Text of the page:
World AIDS Day is a Reminder that Despite Great Progress, HIV Continues to Spread

This year’s World AIDS Days, Dec. 1, fell on two significant anniversaries. Forty years ago, in 1981, a New York City LGBTQ newspaper, The New York Native, ran an article entitled “Disease Rumors Largely Unfounded.” It was the first reported appearance of a rare disease that seemingly was affecting gay men. Soon thereafter, the Centers for Disease Control and Prevention (CDC) confirmed cases of pneumocystis carinii pneumonia in gay men. It would later be given the designation AIDS for “acquired immunodeficiency syndrome.” In 1984, HIV, human immune deficiency virus, was discovered to be the cause of AIDS.

In Wisconsin, the first case of the disease was reported in 1982. That individual was from out of state. The first Wisconsin resident would be diagnosed in 1983. Cases rose exponentially, locally and worldwide. Infection with HIV inevitably was a death sentence.

Fifteen years after that first report, infection numbers began to stabilize and, in fact, decline. An experimental therapy, the medication, azidothymidine or AZT, successfully treated those infected and despite serious side effects, managed to improve their health. In the following years, new anti-retroviral therapies evolved to the point of suppressing HIV viral loads to an undetectable level. Those infected but with undetectable virus levels were determined to be incapable of transmitting the disease to others. The crisis seemed to be contained with those treated living normal lives. HIV had become a chronic but manageable infection. Today, the positive news is that of the nearly 7000 Wisconsinites currently living with HIV, 71% are virally suppressed.

Prevention through Education

Beyond treatment of those already infected, efforts in prevention through education have, since 2014, been buttressed by pre-exposure prophylaxis (PrEP),  a drug program that can reduce HIV transmission by 99%. The drugs Truvada and Descovy have been approved as PrEP therapy. Payment is largely covered by insurance, BadgerCarePlus, and Federal programs.

Forty years after its first recorded cases, it would seem like the HIV/AIDS pandemic is largely under control. However, the most recent statistics released by the Wisconsin Department of Health Services, while indicating a new infection rate trending lower, is not quite as optimistic as one might expect. While PrEP data reveal a 55% average annual increase in persons using PrEP across the United States, studies indicate that PrEP uptake in Wisconsin remains slow.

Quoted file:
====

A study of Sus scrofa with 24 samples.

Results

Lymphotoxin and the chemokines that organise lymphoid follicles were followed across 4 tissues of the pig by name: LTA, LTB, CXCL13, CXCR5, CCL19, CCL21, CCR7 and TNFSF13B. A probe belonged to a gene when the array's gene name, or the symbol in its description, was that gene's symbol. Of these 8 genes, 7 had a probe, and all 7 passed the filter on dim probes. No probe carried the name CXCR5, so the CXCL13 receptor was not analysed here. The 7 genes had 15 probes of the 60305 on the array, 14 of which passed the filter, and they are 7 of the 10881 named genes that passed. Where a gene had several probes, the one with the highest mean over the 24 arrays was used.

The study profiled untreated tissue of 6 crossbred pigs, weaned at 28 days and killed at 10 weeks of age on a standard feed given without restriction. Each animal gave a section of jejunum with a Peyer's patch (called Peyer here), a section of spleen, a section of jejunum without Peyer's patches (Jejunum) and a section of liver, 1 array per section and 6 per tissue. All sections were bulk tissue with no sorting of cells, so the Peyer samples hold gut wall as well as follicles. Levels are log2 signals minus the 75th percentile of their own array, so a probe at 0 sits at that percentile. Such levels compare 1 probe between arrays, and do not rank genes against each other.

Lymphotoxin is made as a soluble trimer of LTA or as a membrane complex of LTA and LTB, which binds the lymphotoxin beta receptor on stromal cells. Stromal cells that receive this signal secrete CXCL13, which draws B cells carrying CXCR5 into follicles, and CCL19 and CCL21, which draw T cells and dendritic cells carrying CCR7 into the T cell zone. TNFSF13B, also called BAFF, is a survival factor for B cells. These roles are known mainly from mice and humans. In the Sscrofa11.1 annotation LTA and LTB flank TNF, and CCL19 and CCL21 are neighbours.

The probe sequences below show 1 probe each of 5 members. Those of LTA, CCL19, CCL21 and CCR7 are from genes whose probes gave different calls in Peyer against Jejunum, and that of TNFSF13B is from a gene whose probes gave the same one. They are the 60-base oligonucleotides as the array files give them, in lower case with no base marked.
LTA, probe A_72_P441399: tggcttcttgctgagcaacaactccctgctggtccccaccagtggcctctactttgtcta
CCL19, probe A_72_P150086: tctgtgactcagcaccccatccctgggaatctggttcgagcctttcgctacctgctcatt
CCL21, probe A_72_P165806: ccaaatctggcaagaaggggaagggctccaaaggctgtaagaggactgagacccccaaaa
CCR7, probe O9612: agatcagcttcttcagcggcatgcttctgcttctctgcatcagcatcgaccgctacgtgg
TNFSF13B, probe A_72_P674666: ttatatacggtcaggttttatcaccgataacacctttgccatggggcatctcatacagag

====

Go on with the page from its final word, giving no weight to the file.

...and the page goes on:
In 2018 I spoke with Dr. Jeffrey Kelly of the Medical College of Wisconsin, who, in a partnership with a study in Cleveland, OH, had received a $3.4 million National Institute of Health grant to study PrEP (Pre-exposure Prophylaxis) awareness among men having sex with men (MSM). The five-year research project with 500 participants between Milwaukee and Cleveland, focuses on men of color because that particular demographic had traditionally shown higher rates of infection. In a recent follow-up conversation with Kelly, he indicated that, while the study is continuing, the COVID-19 pandemic had slowed its progress.

Among people of color, along with a history of health care disparities, distrust of the health system, inherent cultural and religious issues vis-a-vis the LGBTQ community, a specific gay community phenomenon has presented itself as an obstacle to PrEP uptake, namely PrEP shaming. In this scenario, those taking PrEP are stigmatized for being promiscuous. The result is a significantly lower percentage of PrEP uptake within the demographic with the highest infection rate.

Meanwhile, the Wisconsin Department of Health Services (DHS) data report for 2020 reveals a slow decline in new cases over the past 10 years. It also confirms the continuing trend of new infections in a certain demographic, namely people of color, and cites 61% of 208 newly diagnosed cases concentrated in this group. The majority of those are in Milwaukee County. The DHS report did not include any new PrEP data.

Milwaukee’s Vivent Health, today a national leader in comprehensive HIV care and prevention, along with Diverse & Resilient, 16th Street Clinic and other agencies continue the struggle for a world without HIV/AIDS.,

Yet, despite this incredible infrastructure, access to care, and particularly to PrEP, has been disproportionate. While this has been exacerbated by the COVID-19 pandemic, it is primarily due to pervading social disparities. 

Perhaps once COVID-19 is truly on the wane, a concerted effort will be made to refocus on revitalizing strategies to make care accessible for all, remove stigma and achieve zero HIV transmission.